With electrical signals zapping at speeds up to 288 km/h (180 mph), neurons are the most well-known cells in the central nervous system. They are the basic unit of information processing. Neurons transmit electrical signals to each other in neuronal circuits through junctions called synapses, and these junctions are formed between protrusions called spines.
The break down of synapses in large numbers can lead to cognitive decline. Multiple Sclerosis (MS) is one such debilitating disorder of the nervous system, which causes alternating phases of inflammation and recovery. The synapses of people with MS are destroyed progressively over time. But it is still unclear how and why this synapse loss occurs.
To better understand this process, a team of researchers at the Ludwig-Maximilians University in Germany injected inflammation-inducing factors into the brains of mice, to mimic MS as seen in humans. They looked at the brains of live mice across days using advanced light microscopy. Three days after the injection, during the inflammation phase, they saw widespread loss of a certain subset of synapses. As a result, neurons were not firing as actively as they should have been. However, once those synapses were re-established two weeks after injection, during the recovery phase, the neuronal activities of the mice were back to normal.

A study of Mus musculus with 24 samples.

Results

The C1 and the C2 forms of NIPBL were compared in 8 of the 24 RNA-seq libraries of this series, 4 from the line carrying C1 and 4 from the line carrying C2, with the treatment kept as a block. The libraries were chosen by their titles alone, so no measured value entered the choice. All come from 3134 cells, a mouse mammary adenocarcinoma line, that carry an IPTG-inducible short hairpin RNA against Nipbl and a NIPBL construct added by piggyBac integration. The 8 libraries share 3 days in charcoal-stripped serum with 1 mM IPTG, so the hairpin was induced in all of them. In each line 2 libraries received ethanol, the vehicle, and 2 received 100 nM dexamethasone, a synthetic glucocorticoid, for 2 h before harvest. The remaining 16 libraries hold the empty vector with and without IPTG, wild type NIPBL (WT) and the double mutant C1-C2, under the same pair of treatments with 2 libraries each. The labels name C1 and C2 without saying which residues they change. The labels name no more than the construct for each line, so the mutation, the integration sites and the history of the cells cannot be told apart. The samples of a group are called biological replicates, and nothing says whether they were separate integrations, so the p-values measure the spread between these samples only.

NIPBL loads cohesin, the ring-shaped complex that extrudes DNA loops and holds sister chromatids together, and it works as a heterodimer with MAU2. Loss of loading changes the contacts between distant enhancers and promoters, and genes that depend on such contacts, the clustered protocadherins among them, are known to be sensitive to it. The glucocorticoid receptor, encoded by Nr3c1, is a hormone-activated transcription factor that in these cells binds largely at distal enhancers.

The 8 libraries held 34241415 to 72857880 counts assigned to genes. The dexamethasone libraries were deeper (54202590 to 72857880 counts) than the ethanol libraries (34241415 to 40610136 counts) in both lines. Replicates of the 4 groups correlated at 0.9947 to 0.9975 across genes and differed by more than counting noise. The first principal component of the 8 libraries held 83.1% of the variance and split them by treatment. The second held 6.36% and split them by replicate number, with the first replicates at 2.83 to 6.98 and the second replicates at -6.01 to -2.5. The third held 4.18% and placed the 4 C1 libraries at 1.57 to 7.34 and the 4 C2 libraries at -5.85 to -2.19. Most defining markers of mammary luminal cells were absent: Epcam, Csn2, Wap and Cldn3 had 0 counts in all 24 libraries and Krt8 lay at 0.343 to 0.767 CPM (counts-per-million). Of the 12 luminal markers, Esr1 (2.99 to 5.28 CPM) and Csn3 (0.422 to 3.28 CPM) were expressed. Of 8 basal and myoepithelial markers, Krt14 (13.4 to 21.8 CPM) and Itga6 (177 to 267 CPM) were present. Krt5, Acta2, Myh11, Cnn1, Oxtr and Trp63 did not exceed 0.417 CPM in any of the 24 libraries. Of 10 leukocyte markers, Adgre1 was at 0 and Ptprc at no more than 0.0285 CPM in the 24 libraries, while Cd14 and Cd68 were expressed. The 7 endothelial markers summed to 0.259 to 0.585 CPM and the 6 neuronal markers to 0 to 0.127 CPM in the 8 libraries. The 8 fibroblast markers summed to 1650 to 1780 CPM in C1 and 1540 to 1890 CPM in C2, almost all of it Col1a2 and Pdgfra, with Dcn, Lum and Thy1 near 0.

The researchers wanted to know why were only a certain subset of synapses lost, and how that occurred. To answer this, they tracked the spines on the neurons over time using calcium sensors. They found that spines with high levels of accumulated calcium were unstable. Then they identified a special immune cell, called a phagocyte, that sniffed out and ultimately removed the synapses on these unstable spines. When they blocked the activation of these phagocytes using inhibitor drugs, they saw that it prevented the loss of synapses.
This study helps uncover one of the mechanisms underlying the loss of synapses during MS, albeit in mice. And, importantly, they have identified a therapeutic target for drug development that may address the decline of cognitive abilities in people with MS and ultimately improve their quality of life.